Hennepin County's crime lab remains part of the sheriff's office, after the sheriff made a stir over a proposal to make it an independent entity.
Hennepin County Commissioner Marion Greene, who introduced the proposal as a budget amendment, said it is important that the board looks at the crime lab and its governance, possibly early next year.
"I also want to thank my colleagues who clearly expressed last week that they are interested in exploring this idea if we have more time to process and engage with our communities and partners," Greene said.
The proposal would also explore a regional crime lab, possibly jointly run with the city of Minneapolis.
Uniformed police from suburbs around the county, as well as Hennepin County sheriff's deputies, packed the Hennepin county board meeting Tuesday.
At a press conference after Greene withdrew the proposal, Hennepin County Sheriff Rich Stanek said he wanted a candid discussion about control of the crime lab. But he didn't want change to happen right away with dozens of cities counting on crime lab services, saying, "it would've thrown things into chaos across the county."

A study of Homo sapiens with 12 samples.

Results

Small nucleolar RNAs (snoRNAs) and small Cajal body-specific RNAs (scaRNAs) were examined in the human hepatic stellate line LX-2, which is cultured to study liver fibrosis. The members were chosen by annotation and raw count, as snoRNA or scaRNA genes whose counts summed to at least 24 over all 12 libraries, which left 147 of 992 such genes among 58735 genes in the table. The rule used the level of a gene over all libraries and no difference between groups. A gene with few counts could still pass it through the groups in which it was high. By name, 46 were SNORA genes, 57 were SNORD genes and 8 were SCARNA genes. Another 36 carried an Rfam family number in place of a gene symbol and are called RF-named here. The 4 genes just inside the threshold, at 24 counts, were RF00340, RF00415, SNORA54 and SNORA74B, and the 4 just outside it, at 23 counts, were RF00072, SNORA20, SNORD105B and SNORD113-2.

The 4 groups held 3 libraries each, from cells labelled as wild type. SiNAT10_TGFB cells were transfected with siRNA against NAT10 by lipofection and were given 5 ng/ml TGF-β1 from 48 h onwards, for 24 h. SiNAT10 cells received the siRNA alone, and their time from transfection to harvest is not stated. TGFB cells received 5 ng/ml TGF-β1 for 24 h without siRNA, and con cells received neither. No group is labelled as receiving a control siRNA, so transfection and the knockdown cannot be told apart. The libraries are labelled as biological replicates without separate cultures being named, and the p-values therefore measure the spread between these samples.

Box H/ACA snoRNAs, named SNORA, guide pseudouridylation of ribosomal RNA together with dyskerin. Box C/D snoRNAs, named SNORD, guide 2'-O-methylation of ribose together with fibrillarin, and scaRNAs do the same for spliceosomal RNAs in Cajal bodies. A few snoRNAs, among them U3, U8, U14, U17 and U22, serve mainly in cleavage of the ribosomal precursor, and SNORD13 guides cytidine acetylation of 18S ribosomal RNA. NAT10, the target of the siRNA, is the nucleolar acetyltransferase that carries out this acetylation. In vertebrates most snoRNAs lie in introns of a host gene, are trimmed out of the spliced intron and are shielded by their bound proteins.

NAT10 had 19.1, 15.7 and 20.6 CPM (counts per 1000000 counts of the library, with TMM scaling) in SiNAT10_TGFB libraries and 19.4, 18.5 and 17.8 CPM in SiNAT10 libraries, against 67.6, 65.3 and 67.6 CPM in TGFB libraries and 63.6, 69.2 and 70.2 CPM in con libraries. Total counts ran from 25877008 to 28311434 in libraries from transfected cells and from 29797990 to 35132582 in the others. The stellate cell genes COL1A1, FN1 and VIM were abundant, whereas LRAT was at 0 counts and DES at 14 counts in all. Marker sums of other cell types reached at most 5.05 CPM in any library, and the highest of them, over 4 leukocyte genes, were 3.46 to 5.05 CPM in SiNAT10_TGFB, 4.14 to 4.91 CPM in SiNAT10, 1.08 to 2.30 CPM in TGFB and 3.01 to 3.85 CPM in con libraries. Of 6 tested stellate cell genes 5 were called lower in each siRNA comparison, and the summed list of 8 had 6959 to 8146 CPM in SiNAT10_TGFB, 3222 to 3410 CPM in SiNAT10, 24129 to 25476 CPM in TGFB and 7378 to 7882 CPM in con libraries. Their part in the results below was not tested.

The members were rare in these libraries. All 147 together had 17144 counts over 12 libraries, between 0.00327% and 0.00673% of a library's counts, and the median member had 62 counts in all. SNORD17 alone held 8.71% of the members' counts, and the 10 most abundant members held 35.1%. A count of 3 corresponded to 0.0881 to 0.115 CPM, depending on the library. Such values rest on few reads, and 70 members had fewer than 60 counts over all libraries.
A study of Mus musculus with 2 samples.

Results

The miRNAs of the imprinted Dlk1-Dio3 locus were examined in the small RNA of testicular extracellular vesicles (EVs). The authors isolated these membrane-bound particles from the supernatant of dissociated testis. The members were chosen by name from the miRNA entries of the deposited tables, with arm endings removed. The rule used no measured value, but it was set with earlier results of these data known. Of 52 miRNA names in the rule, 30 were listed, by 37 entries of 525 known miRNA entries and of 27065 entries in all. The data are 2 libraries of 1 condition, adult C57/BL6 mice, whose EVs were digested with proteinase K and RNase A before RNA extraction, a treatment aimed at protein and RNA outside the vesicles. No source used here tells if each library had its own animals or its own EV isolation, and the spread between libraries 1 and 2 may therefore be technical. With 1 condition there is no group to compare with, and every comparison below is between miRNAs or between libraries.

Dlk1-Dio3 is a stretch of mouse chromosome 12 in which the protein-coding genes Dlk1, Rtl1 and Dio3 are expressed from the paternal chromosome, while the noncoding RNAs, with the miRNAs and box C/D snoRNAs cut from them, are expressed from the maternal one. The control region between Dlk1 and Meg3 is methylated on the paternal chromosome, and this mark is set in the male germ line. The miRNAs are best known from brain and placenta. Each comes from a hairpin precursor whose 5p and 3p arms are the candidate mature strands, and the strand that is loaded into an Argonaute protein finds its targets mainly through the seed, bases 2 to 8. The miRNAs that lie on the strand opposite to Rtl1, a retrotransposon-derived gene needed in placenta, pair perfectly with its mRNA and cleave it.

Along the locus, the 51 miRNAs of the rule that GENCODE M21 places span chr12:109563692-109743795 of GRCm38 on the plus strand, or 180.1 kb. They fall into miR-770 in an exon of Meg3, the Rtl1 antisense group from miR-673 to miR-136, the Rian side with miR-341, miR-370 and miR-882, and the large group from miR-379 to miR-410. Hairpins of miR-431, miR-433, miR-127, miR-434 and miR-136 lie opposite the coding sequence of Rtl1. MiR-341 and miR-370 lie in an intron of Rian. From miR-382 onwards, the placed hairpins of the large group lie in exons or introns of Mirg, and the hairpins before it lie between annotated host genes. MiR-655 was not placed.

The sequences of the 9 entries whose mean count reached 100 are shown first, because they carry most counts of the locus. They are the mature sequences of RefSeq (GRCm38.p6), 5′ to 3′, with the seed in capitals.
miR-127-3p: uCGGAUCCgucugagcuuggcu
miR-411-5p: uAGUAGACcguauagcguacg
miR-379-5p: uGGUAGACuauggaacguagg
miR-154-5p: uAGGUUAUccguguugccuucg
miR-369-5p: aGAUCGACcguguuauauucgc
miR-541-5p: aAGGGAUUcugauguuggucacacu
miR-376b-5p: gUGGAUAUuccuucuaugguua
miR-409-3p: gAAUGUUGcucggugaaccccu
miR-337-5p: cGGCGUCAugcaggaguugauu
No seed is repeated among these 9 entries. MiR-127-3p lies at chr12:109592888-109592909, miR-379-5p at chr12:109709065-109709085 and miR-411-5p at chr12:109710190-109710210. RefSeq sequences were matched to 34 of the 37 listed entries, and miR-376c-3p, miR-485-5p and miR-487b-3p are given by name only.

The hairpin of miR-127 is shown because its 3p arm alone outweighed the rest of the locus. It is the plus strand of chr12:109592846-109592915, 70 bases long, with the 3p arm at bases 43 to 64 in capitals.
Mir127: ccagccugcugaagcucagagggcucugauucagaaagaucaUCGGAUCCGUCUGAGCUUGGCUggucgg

Greene agreed to slow down the process, but said she still believes changes should be made. She doesn't want the office answerable to law enforcement, and for that matter, attorney's offices.
"It keeps the crime lab independent from all of those organizations, and essentially guarantees the truest science on behalf of justice," Greene said.
Greene said the crime lab should operate along the lines of the Hennepin County Medical Examiner's office.
Julie Jonas, legal director for the Innocence Project of Minnesota, said independent crime labs are recommended by the National Academy of Sciences to avoid potential for biased results.
"We've seen across the country that there have been problems when crime labs are under the control of law enforcement. We have not seen that specific problem here in Hennepin County, but I think it's just an act of good governance," Jonas said.
County Commissioner Jeff Johnson said withdrawing the amendment was the right call, but the issues are worth exploring.
"One being whether we should be working with Minneapolis to do something jointly and the other being who actually runs or manages the crime lab," he said.
"I think are both very reasonable, public policy issues for us to discuss, again over time with lots of public input, but they're both really legitimate questions," Johnson said.
Stanek says he'd be happy to sit down with commissioners to discuss the future of the lab, which he says his office has done before.